Nothing British is justifiably proud of having persuaded the BBC to think again about its gaffe:
Last October Nothing British wrote to the BBC’s Director General and the head of BBC News to complain about the shoddy interview with the BNP’s head of publicity and the managing director of its white nationalist record label.
Today, the BBC’s editorial complaints unit has conceded that it did not provide sufficient information about the BNP’s Collett and Smith when it called them “young BNP” members. It also admitted that it had failed to properly challenge them when they referred to Ashley Cole as not being “ethnically British”.
In our letter we explicitly said that we supported the BBC’s decision to allow BNP leader Nick Griffin MEP on to Question Time: as he was part of the democratic process and an elected official. We also believed that it was right for them to interview the relatively young BNP duo on BBC Radio 1’s Newsbeat radio show.
We hope that if other BNP members and supporters are allowed on to future BBC programmes that they are denied the opportunity to propagate their neo-racist ethnopluralist theories on primetime radio without being challenged.
Furthermore, as an interviewer would do with a member of a mainstream party, we hope that more context is provided about the subjects being interviewed.
Here is the BBC ECU ruling:
Two listeners complained that two interviewees had been introduced simply as “young guys who are members of the BNP“, when in fact both had important roles in relation to the party. One of the listeners also complained that they had not been interviewed with sufficient rigour, and a visitor to the Newsbeat website made a similar complaint about the edited version of the interview which appeared there.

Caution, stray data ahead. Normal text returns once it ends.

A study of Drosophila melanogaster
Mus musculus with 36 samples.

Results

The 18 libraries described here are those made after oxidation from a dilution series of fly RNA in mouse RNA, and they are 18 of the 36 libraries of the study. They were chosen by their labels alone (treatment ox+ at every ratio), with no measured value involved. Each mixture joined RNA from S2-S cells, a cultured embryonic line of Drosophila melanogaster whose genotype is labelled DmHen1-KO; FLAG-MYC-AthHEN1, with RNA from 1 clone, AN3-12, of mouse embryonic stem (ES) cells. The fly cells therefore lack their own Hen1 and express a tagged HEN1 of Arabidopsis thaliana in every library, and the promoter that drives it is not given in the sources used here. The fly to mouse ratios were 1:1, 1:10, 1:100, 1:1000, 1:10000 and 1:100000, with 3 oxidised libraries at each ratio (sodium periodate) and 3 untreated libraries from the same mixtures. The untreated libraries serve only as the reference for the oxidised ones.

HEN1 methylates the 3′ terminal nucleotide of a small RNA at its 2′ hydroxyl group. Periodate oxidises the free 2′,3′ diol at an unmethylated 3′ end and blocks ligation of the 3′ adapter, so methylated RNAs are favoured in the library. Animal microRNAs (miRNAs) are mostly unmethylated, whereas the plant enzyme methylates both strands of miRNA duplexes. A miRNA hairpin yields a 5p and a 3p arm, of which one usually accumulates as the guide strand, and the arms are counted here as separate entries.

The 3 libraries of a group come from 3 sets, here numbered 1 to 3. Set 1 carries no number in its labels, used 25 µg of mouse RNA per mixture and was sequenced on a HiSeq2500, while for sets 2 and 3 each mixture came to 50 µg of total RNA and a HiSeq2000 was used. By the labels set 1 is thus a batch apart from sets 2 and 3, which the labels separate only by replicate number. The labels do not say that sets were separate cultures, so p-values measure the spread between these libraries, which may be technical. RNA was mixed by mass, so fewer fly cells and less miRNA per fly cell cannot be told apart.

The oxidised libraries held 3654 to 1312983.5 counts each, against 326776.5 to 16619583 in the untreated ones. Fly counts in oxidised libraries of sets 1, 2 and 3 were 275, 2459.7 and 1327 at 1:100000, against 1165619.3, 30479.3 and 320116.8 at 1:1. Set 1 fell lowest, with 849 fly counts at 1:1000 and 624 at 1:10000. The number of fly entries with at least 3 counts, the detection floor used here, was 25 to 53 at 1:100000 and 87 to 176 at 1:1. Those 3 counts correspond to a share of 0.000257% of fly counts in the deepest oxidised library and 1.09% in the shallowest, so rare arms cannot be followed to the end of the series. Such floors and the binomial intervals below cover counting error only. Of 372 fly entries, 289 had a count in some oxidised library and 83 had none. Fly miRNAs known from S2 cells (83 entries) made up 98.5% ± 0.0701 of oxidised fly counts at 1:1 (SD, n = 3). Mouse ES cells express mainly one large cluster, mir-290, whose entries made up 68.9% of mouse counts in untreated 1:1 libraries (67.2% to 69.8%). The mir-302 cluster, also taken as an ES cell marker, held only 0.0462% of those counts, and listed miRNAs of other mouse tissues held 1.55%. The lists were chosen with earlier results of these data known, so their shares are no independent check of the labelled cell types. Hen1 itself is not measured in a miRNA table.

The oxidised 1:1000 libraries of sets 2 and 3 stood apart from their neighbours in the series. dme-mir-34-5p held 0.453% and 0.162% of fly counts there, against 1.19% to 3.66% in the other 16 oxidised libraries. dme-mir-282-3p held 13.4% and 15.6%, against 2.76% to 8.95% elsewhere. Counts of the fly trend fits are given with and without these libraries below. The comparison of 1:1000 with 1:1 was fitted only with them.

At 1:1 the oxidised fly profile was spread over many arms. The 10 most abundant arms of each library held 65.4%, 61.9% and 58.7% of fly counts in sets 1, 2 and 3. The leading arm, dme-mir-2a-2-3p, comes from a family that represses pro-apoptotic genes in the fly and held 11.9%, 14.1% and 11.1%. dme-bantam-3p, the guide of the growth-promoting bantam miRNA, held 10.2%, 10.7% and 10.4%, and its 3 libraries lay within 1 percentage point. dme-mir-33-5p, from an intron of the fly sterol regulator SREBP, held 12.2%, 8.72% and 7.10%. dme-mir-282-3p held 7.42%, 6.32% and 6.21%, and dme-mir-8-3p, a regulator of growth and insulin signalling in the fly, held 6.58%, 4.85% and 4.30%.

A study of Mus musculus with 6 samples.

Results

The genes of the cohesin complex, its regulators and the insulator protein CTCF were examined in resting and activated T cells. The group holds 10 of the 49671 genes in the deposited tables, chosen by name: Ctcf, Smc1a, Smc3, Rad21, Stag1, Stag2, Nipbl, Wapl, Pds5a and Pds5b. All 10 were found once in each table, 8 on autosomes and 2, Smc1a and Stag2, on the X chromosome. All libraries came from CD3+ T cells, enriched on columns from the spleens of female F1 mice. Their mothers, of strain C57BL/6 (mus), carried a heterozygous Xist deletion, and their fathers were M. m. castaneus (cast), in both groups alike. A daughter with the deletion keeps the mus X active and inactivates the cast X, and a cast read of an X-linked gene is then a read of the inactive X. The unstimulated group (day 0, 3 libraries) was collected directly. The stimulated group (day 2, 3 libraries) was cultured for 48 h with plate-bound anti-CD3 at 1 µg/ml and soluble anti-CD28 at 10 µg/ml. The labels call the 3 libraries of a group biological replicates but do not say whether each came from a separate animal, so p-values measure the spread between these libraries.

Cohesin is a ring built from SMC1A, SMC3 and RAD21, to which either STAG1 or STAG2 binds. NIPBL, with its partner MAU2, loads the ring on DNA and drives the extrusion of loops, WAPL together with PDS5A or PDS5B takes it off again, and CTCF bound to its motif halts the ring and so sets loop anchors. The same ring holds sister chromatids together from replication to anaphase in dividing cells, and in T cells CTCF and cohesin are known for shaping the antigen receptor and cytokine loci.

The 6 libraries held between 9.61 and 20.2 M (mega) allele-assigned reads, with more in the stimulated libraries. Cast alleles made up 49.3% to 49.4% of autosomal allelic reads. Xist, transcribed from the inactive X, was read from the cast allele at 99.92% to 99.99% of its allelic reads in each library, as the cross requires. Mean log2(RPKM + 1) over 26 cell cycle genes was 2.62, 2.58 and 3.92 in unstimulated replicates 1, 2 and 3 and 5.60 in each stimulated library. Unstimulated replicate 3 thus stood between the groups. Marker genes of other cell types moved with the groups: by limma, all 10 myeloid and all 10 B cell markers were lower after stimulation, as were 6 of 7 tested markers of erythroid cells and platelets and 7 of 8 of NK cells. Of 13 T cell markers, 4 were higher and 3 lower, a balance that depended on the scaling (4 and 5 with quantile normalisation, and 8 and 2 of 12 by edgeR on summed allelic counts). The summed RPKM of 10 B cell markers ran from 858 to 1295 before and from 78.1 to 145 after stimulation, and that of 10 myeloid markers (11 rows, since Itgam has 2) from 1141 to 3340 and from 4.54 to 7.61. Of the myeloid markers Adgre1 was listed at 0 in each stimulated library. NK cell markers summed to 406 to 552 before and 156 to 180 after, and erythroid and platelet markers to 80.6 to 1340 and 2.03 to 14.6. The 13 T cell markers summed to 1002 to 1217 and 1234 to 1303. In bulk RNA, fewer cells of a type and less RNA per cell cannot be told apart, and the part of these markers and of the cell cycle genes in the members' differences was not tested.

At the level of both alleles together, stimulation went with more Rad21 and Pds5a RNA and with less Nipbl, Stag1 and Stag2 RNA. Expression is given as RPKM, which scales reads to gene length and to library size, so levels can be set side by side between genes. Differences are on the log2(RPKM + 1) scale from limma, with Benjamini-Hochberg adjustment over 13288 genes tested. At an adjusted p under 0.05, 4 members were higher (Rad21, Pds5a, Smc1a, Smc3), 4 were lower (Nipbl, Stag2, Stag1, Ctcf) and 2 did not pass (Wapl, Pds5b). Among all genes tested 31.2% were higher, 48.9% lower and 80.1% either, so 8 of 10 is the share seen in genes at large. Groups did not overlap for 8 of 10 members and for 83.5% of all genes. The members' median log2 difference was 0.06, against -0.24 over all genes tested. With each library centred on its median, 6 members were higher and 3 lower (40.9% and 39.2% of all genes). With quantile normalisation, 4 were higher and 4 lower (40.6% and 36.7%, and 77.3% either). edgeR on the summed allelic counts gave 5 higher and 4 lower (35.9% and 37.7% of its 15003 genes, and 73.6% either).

At the time of the interview, one of the interviewees was the BNP’s publicity director and the other ran the record label which promotes and sells BNP CDs. Information about their status was relevant to listeners’ understanding of their contributions, and should have been included. Although not conducted in a confrontational style, the interview did include elements of challenge (in both the broadcast and the online version). However, the concept of British ethnicity, introduced by the interviewees in connection with the example of a black British-born footballer, was not tested in the way its controversial character called for.
The Newsbeat team were reminded of the need to ensure that listeners have enough information to assess the status and credentials of interviewees. The Editor of Newsbeatalso discussed with the team the need for rigorous challenge within interviews of this kind.